The 1941 Iraqi coup d'état (Arabic: ثورة رشيد عالي الكيلاني, Thawrah Rašīd ʿAlī al-Kaylānī), also called the Rashid Ali Al-Gaylani coup or the Golden Square coup, was a nationalist coup d'état in Iraq on 1 April 1941 that overthrew the pro-British regime of Regent 'Abd al-Ilah and his Prime Minister Nuri al-Said and installed Rashid Ali al-Gaylani as Prime Minister.
The coup was led by four Iraqi nationalist army generals, known as "the Golden Square", who intended to use the war to press for full Iraqi independence following the limited independence granted in 1932. To that end, they worked with German intelligence and accepted military assistance from Nazi Germany and Fascist Italy. The change in government led to the British invasion of Iraq and subsequent occupation until 1947.
From 1939 to 1941 a pro-British government headed by the Regent 'Abd al-Ilah and Prime Minister Nuri as-Said ruled Iraq. Iraq severed relations with Germany on 5 September 1939, following the outbreak of World War II in Europe. However, Nuri had to tread carefully between his close relationship with Britain and dependence on pro-German Army officers and cabinet members. By that time, Iraq became a refuge to Arab leaders who fled Mandatory Palestine as a result of the failed Palestinian Arab revolt against the British. Among the key figures to arrive was the Grand Mufti of Jerusalem, Haj Amin al-Husseini, the Palestinian Arab nationalist leader of the failed revolt.
The Golden Square coup was launched on 1 April 1941, overthrowing the Regent and installing Rashid Ali al-Gaylani as Prime Minister. Haj Amin al-Husseini was one of the orchestrators of Rashid Ali's coup d'état, with Nazi support and funding.
Empire forces sent to quell the revolt
On 18 April, Britain reacted by landing the Indian 20th Infantry Brigade at Basra, the first elements of Iraqforce. Britain claimed it was entitled to do this under its defence treaty with Iraq.
Siege of Habbaniya
In the following days, the new Iraqi government moved substantial ground forces, including an infantry brigade, an artillery brigade, and 12 armored cars as well as tanks to the plateau overlooking RAF Habbaniya, the large British Royal Air Force (RAF) base beside the River Euphrates 50 miles (80 km) west of Baghdad. Upon arrival, the Iraqis demanded that the British not move any troops nor aircraft in or out of the base. The British responded by first demanding that the Iraqis leave the area and then, following the expiry of an ultimatum given in the early hours of 2 May, launched an attack. The base had a force of 96 lightly-armed aircraft, most of which were either purpose-built trainers or obsolete combat aircraft converted to training use. They also had an understrength battalion from the King's Own Royal Regiment (Lancaster), six companies of Assyrian Levies (troops raised by the British), 18 armored cars and a company of RAF personnel, giving a total strength of 2,200 troops to defend the base. The Royal Iraqi Air Force, despite having aircraft that included numerous modern British-, Italian- and US-built machines, failed to defeat the RAF. By the second day of fighting (3 May), four Blenheim fighter bombers arrived.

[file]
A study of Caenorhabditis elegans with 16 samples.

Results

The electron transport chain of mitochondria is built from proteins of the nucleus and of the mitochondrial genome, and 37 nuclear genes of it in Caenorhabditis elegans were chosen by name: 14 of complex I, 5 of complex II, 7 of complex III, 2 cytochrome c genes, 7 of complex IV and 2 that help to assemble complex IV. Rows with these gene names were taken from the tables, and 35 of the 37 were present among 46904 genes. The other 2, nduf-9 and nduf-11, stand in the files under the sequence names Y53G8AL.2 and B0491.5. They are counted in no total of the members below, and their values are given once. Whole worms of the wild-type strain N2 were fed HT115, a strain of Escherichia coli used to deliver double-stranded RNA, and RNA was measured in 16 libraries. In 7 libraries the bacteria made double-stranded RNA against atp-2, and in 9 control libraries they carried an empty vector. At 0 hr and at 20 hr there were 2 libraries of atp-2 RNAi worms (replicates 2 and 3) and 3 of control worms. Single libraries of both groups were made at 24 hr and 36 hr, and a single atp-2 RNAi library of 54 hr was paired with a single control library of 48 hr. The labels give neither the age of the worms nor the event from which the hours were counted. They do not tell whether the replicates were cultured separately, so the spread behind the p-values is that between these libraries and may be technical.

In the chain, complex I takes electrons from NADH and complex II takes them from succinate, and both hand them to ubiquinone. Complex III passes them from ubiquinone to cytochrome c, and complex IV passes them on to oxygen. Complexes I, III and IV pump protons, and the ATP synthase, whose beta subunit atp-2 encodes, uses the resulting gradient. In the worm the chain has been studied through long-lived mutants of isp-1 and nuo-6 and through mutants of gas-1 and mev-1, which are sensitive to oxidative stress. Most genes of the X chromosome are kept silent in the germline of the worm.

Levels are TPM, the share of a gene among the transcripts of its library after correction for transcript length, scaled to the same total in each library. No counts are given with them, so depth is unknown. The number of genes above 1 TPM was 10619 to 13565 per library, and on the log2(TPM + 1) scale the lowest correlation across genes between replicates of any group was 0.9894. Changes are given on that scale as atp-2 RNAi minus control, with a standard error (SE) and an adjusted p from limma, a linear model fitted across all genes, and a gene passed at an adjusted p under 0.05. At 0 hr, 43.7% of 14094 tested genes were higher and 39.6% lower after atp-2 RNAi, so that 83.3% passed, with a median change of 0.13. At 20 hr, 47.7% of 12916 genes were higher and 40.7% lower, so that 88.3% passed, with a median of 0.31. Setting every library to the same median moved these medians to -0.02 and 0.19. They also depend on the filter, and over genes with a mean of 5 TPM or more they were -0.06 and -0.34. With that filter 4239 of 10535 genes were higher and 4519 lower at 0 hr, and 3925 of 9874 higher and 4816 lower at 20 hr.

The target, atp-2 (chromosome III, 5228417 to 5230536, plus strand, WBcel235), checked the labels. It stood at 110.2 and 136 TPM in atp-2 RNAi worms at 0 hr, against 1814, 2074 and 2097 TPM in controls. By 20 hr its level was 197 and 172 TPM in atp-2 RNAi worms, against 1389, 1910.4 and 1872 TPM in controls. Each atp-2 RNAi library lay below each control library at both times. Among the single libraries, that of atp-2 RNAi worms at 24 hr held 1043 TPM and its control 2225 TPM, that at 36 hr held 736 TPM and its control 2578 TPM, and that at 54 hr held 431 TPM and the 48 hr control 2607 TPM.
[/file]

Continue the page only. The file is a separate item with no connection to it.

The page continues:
With British forces having air superiority, the Iraqi army was forced back to Fallujah and the RAF attacked the Iraqi Air Force bases at Mosul and Rashid. Habbaniya had essentially lifted the siege with its own resources.
Reinforcements, officially called "Iraqforce", came from two directions. British and Arab Legion forces arrived in two columns (Habforce and Kingcol) across the desert from Palestine and Transjordan. Additional Indian forces continued to arrive in Basra.
The Iraqi army was driven out of Fallujah and pursued to Baghdad, which fell within a week. This cleared the way for the nominal restoration of the Regent and the pro-British government. British military occupation of Iraq continued until late 1947.
German and Italian support for the nationalists
Tailplane of a downed Heinkel He 111
bomber with German and Iraqi markings
In the course of the Iraq war, minor reinforcements for the nationalists were received from first Germany and then Italy. Arriving aircraft were crudely painted with Iraqi colours. Small numbers of Luftwaffe (German air force) bombers and heavy fighters, followed a few days later by obsolescent Regia Aeronautica (Italian air force) biplane fighters, flew sorties from Mosul against both RAF Habbaniya and the relieving Empire forces moving across from Transjordan. This was done to little effect.
The Vichy French authorities in the Syria and Lebanon had helped both the pro-Axis Iraqi nationalists and the German and Italian air forces, providing airfields for staging and refuelling. Even before the end of the Iraq campaign, this had led to RAF attacks on airbases in Syria. Within weeks these events led to British and Empire forces invading of Vichy-administered Syria and Lebanon in the Syria–Lebanon Campaign.